President Donald Trump appeared before a divided Congress for the first time on Tuesday to appeal to lawmakers' sense of unity at a moment of deepening partisan spite.
His calls for conciliation -- which did not address his role in inflaming partisan divisions -- were met with mostly stone-faced silence from Democrats, who bitterly oppose most of his agenda and whose memories are still fresh with the 35-day government shutdown. It was his first time addressing the Democratic-majority House, and his political nemesis, House Speaker Nancy Pelosi, sat behind his shoulder, offering only sparing applause.
"We must reject the politics of revenge, resistance and retribution," Trump told Congress near the beginning of his State of the Union address, claiming he was putting forward "the agenda of the American people."
But the President's address was a tale of two speeches, with appeals to bipartisanship giving way to divisive policy pitches and stern warnings aimed at discouraging Democratic investigations into his administration.
"An economic miracle is taking place in the United States -- and the only thing that can stop it are foolish wars, politics or ridiculous partisan investigations," the President said to only a smattering of applause. "If there is going to be peace and legislation, there cannot be war and investigation. It just doesn't work that way!"
Democrats have promised they will use new investigative powers to probe everything from Trump's tax returns to his policy decisions to members of his Cabinet. The special counsel Robert Mueller is also still pursuing his investigation stemming from Russian interference in the 2016 election.
"Members of Congress: the state of our union is strong," Trump said to Republican applause and chants of "USA."
"That sounds so good," he said.
Despite the partisan jabs, Trump sought to portray his agenda -- one frequently defined by deeply divisive policies -- as a nonpartisan venture.
Sections on fairer drug pricing, criminal justice revisions and combating HIV/AIDS have been included in a nod to areas that have garnered bipartisan support. Yet immigration -- which has divided Washington -- remained a major focus of the speech.
And aiming for bipartisan applause lines, the President focused in on non-controversial, heart-warming tales: a 10-year-old cancer survivor, a trio of World War II veterans and a SWAT police officer who braved a hail of bullets to stop the shooter at a Pittsburgh synagogue last year.
Ahead of the address, Trump was sniping at Democrats who have already dismissed his calls for unity. Senate Democratic leader Chuck Schumer accused the President of "blatant hypocrisy" in remarks on the Senate floor Tuesday.
"He's just upset that he didn't win the Senate, after spending a fortune, like he thought he would," Trump shot back on Twitter.
The President's track record is also clear: Many of his past attempts at bipartisanship have quickly evaporated amid tweeted barbs.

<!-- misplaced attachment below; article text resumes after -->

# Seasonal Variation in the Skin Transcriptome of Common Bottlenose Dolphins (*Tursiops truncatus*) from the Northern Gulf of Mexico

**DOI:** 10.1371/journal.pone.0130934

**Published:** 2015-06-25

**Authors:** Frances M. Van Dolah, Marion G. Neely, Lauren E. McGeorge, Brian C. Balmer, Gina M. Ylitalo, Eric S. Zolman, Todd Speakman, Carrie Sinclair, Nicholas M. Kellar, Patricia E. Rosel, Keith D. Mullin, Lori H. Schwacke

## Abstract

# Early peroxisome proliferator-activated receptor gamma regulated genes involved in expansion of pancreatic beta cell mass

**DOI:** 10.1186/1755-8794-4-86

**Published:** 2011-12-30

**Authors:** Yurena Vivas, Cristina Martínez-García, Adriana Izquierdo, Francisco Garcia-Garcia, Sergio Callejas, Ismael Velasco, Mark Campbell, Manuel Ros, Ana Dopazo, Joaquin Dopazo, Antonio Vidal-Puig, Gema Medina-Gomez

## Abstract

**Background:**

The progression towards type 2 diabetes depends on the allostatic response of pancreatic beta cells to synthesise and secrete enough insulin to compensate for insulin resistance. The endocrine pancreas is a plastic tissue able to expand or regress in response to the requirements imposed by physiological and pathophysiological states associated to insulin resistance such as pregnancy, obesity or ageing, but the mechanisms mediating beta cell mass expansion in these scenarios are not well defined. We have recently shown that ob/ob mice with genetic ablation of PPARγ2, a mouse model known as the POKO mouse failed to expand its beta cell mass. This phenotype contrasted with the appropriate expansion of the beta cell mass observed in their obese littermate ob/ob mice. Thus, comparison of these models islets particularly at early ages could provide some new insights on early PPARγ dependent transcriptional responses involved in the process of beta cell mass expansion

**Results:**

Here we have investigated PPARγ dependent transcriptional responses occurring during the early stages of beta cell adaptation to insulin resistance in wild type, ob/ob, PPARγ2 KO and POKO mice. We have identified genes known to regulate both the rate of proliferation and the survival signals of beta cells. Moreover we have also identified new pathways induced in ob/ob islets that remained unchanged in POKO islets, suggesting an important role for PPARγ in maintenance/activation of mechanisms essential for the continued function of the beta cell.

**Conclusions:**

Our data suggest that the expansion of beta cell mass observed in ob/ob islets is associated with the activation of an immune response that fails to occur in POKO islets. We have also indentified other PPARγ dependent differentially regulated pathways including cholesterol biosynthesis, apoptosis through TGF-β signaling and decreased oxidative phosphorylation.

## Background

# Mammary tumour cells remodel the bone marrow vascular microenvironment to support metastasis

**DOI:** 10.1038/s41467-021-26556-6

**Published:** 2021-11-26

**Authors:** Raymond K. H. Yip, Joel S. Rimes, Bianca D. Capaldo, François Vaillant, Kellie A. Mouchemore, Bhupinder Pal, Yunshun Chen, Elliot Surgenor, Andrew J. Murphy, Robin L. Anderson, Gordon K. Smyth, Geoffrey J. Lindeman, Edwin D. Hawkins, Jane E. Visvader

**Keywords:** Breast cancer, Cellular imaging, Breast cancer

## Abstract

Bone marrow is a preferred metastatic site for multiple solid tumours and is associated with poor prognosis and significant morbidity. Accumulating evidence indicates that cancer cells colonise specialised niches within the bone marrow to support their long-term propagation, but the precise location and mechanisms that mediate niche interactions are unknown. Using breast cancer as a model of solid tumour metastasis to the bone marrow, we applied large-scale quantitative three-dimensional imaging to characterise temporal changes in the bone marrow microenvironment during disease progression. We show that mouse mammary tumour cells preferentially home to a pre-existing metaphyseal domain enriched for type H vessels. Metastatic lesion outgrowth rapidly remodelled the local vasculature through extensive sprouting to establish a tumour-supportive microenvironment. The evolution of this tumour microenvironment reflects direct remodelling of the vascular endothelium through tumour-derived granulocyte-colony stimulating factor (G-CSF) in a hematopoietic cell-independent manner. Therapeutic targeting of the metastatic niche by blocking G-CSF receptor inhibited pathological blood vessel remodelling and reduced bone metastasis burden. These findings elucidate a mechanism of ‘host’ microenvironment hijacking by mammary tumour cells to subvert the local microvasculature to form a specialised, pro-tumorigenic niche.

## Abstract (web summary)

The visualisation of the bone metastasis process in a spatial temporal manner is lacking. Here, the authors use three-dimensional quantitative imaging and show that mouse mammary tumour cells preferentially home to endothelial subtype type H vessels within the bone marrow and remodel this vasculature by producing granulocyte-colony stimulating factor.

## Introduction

'I will get it built'
He also made clear he is not wavering on his demand for a $5 billion border wall -- which Democrats have declared a nonstarter -- even as he pulls out rhetorical flourishes envisioning a post-partisan Washington.
After a 35-day government shutdown that resulted in no border wall, Trump vowed to "get it built" during his State of the Union address.
"My administration has sent to Congress a commonsense proposal to end the crisis on our southern border. It includes humanitarian assistance, more law enforcement, drug detection at our ports, closing loopholes that enable child smuggling and plans for a new physical barrier or wall, to secure the vast areas between our ports of entry," he said.
"In the past, most of the people in this room voted for a wall but the proper wall never got built. I will get it built," he added.
The annual address from the US Capitol is one of the most familiar set pieces of the presidency, and one of the most watched. Trump believes it can lend his arguments credibility at a vulnerable moment, as his poll numbers trend lower and Democratic challengers -- many of whom will be in his audience -- begin to announce their intentions.
Polls show Trump unpopular among most Americans and a monthlong partial government shutdown over securing funds for the wall only damaged him further. But there are no signs he is backing off his demands and he has said he won't hesitate to close the government again if lawmakers cannot send him a long-term funding measure with the wall funding. They have until February 15 to reach an agreement.
It now appears more likely he'll declare a national emergency on the southern border as a way to secure the wall money without congressional approval. Aides debated whether to announce the move during the State of the Union but ultimately decided against it. Last week Senate Majority Leader Mitch McConnell warned Trump during a private meeting that such a move would be unwise.
Asked Tuesday whether Trump will directly address the state of divided government in Washington, White House counselor Kellyanne Conway told reporters that he will call for unity with Democrats -- which "implicitly" addresses that divisiveness.
"He is, in the way that he's calling for bipartisanship and unity," she said. "That implicitly addresses the fact that there's a divided government."
"But that doesn't mean they can't work together," she continued, pointing to bipartisan efforts on criminal justice.